The applications are numerous and could help scientists to estimate beaver populations and calculate these rodents' ecosystem services.

The applications are numerous and could help scientists to estimate beaver populations and calculate these rodents' ecosystem services.

Photo Credit: iStock

A few years back, former Google employee Eddie Corwin started a passion project centered around the most unlikely of subjects: beavers.

As Wired reported, Corwin was looking for a way to help the company become a better steward of water. After researching the sizable impact of beaver wetlands — they can hold millions of gallons of water — he and a sustainability consultant who worked with Google, Dan Ackerstein, started sculpting an ambitious plan to use satellite imagery to detect beaver dams and ponds. 

The pair eventually teamed up with programmers to develop an algorithm. Then, in May 2023, a team of beaver researchers published a scientific paper showing that the model was correct 98.5% of the time.

The applications are numerous and could help scientists estimate beaver populations and calculate these rodents' ecosystem services — among other things, beaver ponds can provide other species with refuge during wildfires and can even stop fires in their tracks. 

Beavers' firefighting abilities are incredibly significant in a world that faces increasing risks from wildfires because of warming temperatures. For instance, one study predicted that wildfire smoke in the U.S. will worsen significantly by 2054. Another group of scientists announced that even people living in areas where wildfire risk is currently low could be in danger as our planet continues to overheat. 

Wildfires add dangerous pollution to the air. One research team predicted that more than 125 million Americans will be exposed to at least one day of unhealthy air quality per year by 2050, due mostly to increased wildfire smoke.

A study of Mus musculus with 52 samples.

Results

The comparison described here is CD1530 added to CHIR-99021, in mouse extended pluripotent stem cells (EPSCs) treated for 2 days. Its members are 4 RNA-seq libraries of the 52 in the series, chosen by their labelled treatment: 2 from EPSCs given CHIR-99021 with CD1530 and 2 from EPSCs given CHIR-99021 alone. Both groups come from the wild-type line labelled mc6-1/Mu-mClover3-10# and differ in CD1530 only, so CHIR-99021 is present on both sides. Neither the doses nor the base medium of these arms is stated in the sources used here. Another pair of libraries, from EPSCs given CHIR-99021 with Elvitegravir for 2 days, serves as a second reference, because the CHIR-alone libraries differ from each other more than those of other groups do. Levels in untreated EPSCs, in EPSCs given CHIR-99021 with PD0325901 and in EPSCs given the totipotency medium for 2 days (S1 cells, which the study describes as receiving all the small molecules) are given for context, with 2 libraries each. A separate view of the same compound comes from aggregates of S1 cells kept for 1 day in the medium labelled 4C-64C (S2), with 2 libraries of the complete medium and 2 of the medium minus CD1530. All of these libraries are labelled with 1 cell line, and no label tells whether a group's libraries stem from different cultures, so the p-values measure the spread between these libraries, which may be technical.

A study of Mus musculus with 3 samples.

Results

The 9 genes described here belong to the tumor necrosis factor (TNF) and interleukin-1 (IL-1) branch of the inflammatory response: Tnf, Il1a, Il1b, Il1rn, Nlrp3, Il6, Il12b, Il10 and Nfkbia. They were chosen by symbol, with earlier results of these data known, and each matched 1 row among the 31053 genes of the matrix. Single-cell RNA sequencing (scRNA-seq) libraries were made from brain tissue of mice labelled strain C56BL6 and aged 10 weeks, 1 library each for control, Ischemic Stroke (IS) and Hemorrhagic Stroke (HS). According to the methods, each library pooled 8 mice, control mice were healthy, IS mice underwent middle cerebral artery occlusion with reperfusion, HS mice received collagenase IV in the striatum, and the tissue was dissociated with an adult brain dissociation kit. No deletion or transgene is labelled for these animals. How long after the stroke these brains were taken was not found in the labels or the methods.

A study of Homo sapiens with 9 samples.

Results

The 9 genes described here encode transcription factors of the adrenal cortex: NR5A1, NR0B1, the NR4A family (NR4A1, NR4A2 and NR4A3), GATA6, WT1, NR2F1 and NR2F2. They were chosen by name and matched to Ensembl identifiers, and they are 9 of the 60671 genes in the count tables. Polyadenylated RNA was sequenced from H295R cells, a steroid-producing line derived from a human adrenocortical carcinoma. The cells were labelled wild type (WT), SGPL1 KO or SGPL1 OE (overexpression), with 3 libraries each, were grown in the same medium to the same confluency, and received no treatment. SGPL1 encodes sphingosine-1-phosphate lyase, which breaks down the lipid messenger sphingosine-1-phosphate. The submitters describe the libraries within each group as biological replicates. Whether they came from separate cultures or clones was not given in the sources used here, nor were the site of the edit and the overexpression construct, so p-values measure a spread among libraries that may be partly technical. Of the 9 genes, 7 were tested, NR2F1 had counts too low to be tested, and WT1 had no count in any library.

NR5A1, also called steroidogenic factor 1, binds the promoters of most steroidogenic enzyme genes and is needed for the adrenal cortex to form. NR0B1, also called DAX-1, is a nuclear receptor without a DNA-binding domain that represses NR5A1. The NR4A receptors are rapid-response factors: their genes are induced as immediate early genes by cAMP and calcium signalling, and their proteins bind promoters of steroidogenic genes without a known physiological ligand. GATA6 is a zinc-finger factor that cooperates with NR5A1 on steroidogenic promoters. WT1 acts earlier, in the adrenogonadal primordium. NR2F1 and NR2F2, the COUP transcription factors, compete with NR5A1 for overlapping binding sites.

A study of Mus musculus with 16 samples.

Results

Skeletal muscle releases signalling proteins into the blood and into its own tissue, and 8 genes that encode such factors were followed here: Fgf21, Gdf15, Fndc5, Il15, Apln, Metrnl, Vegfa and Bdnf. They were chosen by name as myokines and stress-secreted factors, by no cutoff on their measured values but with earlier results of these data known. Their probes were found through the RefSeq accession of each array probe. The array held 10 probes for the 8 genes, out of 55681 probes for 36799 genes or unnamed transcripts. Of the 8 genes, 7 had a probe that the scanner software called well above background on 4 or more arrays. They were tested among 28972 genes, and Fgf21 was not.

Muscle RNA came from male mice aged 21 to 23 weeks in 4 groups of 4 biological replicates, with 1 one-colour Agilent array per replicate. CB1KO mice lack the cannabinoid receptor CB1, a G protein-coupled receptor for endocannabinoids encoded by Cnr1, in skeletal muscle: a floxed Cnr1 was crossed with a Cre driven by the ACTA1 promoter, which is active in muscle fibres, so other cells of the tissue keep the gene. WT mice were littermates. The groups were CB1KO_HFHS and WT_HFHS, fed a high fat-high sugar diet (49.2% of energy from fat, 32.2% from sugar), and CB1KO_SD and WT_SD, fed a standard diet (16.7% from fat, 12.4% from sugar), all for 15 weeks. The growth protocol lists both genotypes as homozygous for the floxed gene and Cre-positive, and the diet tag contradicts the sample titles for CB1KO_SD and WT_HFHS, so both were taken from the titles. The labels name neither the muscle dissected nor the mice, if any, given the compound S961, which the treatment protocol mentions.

Wildfires cause $394 billion to $893 billion in damage each year, according to the Joint Economic Committee. This includes property loss, health impacts from smoke, income loss, and watershed pollution.

Not to mention that wildfires also speed up the warming of our planet, which endangers communities in a number of ways, from increased frequency of heat waves to droughts that threaten food and water supplies.

According to the Wired article, one of the model's most promising applications could be in California, which has faced more than its share of painful drought, wildfires, and flooding in recent years. In fact, one major insurer just stopped offering new coverage to Californians going forward.

That's why the new beaver-infrastructure search model will be getting its first test run in the Golden State — The Nature Conservancy and Google will be running the model this year to look for every beaver dam and pond in California.

"All of our efforts in the state should be taking advantage of this powerful mapping tool," Kristen Wilson, the lead forest scientist at the Nature Conservancy, told Wired. "It's really exciting."

After the California run, the model's developers aim to train it for other geographical areas with different types of landscapes. 

"That's the challenge for the future — how do we make this more universally accessible and usable?" Corwin told Wired.